Local planning authorities need more support to plan for resilient communities

Just 12% of local authorities strongly agree that they have the skills and expertise to take account of flood risk now and in the future in planning decisions, according to a survey conducted by the Town & Country Planning Association (TCPA).

The survey, which was based on a sample of 65 local authorities in the UK, was designed to assess the degree to which local authorities are incorporating the future impacts of climate change into their planning processes. Spatial planning plays a central role in building community resilience to problems such as extreme heat or flood risk. 

The results show that despite over 60% of councils declaring climate emergencies, local authorities have a critical shortage of skills and expertise in relation to planning for climate change. For example, only 2% of local authorities are considering future insurance availability and affordability when making planning decisions, and only a third of local authorities are seriously considering the impacts of climate change when deciding whether to grant planning permission.

The survey results highlighted the need for more support and resources, with the top two resources that local authorities need to enable them to better incorporate the impacts of climate change in planning decisions being more information regarding the expected impacts of climate change in the local area; and knowledge of how to incorporate climate projections into planning decisions.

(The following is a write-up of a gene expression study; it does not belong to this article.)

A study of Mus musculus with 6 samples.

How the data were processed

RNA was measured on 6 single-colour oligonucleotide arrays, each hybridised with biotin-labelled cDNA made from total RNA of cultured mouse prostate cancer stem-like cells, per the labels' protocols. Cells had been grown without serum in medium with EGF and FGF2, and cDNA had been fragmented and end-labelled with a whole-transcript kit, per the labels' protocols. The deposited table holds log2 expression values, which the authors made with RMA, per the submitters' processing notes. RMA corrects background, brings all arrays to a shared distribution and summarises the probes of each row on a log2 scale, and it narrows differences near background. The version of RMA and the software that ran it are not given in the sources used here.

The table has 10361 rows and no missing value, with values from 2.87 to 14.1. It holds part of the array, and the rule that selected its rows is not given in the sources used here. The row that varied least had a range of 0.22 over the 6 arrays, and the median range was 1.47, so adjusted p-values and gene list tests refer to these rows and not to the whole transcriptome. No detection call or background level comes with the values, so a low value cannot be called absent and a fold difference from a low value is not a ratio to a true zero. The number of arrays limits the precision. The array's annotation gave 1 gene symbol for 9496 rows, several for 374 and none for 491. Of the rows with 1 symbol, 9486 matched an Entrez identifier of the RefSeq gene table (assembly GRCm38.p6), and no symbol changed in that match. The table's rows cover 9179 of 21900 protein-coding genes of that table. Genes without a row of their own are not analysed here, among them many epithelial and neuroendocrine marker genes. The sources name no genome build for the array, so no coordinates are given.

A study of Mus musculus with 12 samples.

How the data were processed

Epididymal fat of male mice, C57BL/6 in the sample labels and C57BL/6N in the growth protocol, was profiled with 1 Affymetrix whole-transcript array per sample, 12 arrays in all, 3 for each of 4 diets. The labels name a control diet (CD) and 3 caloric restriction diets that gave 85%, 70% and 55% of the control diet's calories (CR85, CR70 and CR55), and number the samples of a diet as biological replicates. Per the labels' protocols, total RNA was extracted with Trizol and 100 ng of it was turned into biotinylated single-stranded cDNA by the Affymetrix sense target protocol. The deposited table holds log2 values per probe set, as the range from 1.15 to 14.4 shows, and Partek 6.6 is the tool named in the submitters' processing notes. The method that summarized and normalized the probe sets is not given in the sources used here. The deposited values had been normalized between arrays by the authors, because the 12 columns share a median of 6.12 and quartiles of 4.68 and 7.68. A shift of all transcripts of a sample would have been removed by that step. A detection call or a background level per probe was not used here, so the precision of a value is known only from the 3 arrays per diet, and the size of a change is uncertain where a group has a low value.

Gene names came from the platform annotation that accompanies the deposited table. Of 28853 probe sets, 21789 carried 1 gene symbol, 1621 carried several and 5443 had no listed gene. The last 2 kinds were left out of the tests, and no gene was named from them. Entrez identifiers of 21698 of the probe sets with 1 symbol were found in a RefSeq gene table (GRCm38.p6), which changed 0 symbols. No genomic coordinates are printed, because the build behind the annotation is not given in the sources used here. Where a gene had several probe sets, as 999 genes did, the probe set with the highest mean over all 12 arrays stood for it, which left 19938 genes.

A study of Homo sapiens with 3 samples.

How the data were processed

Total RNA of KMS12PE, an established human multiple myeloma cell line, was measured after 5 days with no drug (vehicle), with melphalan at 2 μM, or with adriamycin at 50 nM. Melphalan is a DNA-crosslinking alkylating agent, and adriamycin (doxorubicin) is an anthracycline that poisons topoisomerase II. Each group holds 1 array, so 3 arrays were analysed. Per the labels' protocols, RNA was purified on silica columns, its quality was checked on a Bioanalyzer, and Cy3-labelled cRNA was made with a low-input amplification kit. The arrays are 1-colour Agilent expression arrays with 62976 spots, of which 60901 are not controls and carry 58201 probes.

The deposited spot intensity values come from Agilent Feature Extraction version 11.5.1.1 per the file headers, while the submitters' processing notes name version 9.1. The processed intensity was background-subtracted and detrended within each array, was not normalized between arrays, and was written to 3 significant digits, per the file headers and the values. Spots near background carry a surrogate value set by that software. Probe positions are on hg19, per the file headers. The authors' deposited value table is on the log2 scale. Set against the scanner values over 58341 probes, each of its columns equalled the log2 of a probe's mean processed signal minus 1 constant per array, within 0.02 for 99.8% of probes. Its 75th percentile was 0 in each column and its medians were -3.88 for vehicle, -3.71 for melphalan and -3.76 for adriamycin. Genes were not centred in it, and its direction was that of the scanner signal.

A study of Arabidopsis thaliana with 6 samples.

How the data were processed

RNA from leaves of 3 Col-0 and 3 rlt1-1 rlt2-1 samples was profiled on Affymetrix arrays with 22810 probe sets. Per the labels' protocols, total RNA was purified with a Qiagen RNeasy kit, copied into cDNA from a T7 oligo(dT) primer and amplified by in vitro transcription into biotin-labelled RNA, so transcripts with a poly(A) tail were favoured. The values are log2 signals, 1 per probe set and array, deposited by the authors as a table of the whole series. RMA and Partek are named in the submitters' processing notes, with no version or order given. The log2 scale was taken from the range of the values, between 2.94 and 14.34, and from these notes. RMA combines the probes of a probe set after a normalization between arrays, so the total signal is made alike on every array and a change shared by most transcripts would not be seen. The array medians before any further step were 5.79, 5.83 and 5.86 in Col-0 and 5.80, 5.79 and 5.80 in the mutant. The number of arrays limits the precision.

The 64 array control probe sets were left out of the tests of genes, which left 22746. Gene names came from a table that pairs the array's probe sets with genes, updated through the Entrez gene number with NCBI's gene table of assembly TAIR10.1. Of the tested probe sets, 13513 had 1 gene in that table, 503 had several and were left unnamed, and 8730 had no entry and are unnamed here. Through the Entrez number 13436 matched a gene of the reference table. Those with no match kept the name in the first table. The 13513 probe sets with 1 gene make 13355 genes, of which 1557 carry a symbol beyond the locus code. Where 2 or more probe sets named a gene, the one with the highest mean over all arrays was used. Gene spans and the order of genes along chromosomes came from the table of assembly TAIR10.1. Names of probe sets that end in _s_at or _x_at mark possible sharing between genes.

Katherine Greig, Senior Transition Specialist at Flood Re commented ‘We are concerned about the impact that climate change and local authority planning processes could have on future flood risk. Higher sea levels, more frequent heavy downpours and increased surface water runoff must be properly considered in the planning phase of all new homes. Local Authorities need to be planning for resilient houses in resilient places so that homes remain safe and insurance remains affordable now and into the future. That is why Flood Re is pleased to be partnering with the Town and Country Planning Association to deliver later this year a series of workshops and online resources for local authorities on planning for climate change. 

In response to the survey results Hugh Ellis, Director of Policy at the Town and Country Planning Association, said 'we know that the greatest challenge for many local planning authorities is a critical lack of resources. If we really want to drive effective change, we need to provide decision-makers with clear policy priorities, transparent methodologies, and, wherever possible, nationally agreed standards'. 

With only a decade to avert catastrophic climate change, it is clear that local authorities urgently need the skills as well as the capacity to plan for the infrastructure needed to help communities to better adapt to its long-term impacts.


Notes to editor: 

  1. The survey analysis is based on 65 responses from different local authorities, collected between 03/06/20 and 24/06/20.
  2. The TCPA will be working with Flood Re in autumn 2020 to deliver a series of workshops and online resources for local authorities on planning for climate change adaptation.
  3. Explore the survey results in full here.